Soul Food: The Food of Love
When I first learned that we were developing a program for Black History Month about the historical and cultural connections to what is commonly classified as soul food, and how it has (or hasn’t) evolved over time, I had some reservations about the topic. Well, not so much the topic, but the term that was associated with it.
For me the typical foods associated with African American cuisine is not soul food, but rather country food. What makes the same food that I grew up eating–fried catfish and Maryland fried chicken, black-eyed pea and ham soup, collards cooked in pork fat (or ‘fat back’), corn pudding, candied yams and sweet potato casserole–soul food? I was perplexed. What’s the difference?
As the programming for Soul Food Justice developed, I did a little research and continued to learn more about this topic of apparent interest. According to Adrian Miller, author of Soul Food: The Surprising Story of an American Cuisine, One Plate at a Time, there really isn’t much of a difference. In an interview with UNC Press, Miller states that, “inside the South, the distinctions between [southern cooking and soul food] are so subtle that it almost seems meaningless.” This answer really didn’t satisfy my curiosity.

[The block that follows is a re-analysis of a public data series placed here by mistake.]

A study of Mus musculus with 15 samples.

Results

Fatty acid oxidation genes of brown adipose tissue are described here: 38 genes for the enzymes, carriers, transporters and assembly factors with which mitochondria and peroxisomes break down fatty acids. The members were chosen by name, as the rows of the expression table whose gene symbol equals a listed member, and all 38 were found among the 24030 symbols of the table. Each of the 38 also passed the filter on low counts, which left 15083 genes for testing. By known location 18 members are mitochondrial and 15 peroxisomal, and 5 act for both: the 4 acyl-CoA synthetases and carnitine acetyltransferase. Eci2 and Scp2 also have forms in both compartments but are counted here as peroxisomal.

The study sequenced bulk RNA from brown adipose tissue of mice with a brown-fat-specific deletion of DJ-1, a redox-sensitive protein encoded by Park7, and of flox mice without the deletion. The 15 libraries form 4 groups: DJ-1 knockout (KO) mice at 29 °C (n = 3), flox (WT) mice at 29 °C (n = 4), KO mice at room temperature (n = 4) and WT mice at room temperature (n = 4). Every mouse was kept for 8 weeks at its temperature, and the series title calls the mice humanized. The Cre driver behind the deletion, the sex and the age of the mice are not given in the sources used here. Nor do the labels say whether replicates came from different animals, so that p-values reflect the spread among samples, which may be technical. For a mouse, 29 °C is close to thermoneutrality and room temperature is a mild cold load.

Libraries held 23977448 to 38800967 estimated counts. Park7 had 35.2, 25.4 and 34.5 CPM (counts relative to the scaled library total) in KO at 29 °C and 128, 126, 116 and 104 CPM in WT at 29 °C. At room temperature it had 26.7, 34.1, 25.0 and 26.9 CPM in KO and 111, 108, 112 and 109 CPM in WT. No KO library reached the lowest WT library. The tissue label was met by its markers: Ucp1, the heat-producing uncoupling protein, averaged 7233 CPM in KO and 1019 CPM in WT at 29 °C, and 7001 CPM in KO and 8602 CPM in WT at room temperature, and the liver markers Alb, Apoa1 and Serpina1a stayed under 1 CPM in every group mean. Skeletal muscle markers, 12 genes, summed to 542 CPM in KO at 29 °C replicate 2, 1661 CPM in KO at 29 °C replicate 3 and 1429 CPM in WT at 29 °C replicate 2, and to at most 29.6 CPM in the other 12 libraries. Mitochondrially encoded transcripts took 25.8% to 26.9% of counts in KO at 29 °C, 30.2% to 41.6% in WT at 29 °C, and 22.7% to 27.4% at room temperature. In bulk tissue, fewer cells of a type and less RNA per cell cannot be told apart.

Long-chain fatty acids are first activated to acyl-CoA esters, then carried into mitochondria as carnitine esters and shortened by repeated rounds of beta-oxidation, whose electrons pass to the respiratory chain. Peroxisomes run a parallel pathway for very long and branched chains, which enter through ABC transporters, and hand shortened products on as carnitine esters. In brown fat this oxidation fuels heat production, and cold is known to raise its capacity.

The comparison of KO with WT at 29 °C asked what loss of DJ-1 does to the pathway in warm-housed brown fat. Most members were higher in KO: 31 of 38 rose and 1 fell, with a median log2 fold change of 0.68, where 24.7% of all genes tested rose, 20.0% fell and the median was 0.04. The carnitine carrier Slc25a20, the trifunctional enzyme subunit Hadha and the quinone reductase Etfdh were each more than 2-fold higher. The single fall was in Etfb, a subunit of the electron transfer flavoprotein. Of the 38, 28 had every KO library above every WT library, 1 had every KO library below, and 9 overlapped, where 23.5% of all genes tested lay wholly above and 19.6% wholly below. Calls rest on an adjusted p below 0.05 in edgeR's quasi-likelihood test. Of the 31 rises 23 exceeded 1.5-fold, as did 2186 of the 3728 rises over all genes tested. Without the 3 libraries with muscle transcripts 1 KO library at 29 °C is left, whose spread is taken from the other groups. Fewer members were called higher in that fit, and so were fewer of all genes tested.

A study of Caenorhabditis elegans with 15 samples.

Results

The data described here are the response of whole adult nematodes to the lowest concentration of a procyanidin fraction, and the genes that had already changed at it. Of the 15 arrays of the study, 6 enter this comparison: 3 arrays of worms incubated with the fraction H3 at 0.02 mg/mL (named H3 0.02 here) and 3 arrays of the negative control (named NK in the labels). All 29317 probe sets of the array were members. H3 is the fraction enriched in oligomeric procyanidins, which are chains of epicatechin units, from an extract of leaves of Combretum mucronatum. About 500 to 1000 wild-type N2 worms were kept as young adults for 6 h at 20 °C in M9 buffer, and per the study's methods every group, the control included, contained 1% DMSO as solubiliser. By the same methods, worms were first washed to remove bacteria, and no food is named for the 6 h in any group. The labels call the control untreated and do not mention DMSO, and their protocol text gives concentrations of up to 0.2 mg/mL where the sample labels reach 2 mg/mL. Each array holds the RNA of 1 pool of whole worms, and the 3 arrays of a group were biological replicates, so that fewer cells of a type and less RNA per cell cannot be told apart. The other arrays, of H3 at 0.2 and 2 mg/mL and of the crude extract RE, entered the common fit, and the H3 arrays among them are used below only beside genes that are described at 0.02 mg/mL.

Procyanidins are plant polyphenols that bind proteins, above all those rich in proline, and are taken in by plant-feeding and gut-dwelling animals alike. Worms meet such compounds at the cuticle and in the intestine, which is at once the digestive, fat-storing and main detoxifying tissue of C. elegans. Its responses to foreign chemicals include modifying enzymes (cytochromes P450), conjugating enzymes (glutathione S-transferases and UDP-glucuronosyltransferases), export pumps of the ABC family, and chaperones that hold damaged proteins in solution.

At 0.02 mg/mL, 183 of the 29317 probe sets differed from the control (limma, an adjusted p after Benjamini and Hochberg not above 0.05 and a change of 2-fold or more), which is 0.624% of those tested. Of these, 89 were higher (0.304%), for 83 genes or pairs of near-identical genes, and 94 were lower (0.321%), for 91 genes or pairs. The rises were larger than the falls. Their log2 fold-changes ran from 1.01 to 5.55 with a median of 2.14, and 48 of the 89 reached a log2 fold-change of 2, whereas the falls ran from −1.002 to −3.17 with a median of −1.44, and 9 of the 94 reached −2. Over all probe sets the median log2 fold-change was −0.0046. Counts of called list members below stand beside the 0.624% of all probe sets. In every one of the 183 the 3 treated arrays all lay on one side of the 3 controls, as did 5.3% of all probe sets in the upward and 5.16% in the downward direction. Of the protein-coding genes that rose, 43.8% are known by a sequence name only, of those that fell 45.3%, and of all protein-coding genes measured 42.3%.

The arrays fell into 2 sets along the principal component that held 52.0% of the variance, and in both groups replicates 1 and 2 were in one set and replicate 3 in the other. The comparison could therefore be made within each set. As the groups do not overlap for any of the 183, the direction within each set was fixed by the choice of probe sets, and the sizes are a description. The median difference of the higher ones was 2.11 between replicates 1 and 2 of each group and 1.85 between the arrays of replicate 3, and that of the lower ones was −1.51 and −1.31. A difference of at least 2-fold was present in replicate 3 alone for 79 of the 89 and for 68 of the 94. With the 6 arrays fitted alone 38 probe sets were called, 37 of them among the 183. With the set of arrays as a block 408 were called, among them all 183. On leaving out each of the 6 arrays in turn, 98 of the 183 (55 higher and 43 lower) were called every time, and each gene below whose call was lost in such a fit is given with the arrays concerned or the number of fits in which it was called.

Accokeek Foundation president and CEO, Lisa Hayes, says, “Snow will not stop the show!”
On February 21, despite the snowstorm that blasted the D.C. region, four local food experts came together at Joe’s Movement Emporium for an evening that fed both the bodies and the minds of all of us curious souls. Arcadia’s culinary educator, JuJu Harris, moderated the panel which included historian, food scholar and author, Dr. Psyche Williams-Forson; founder of NativSol Kitchen, Tambra Raye Stevenson; and Christopher Bradshaw, founder and director of Dreaming Out Loud.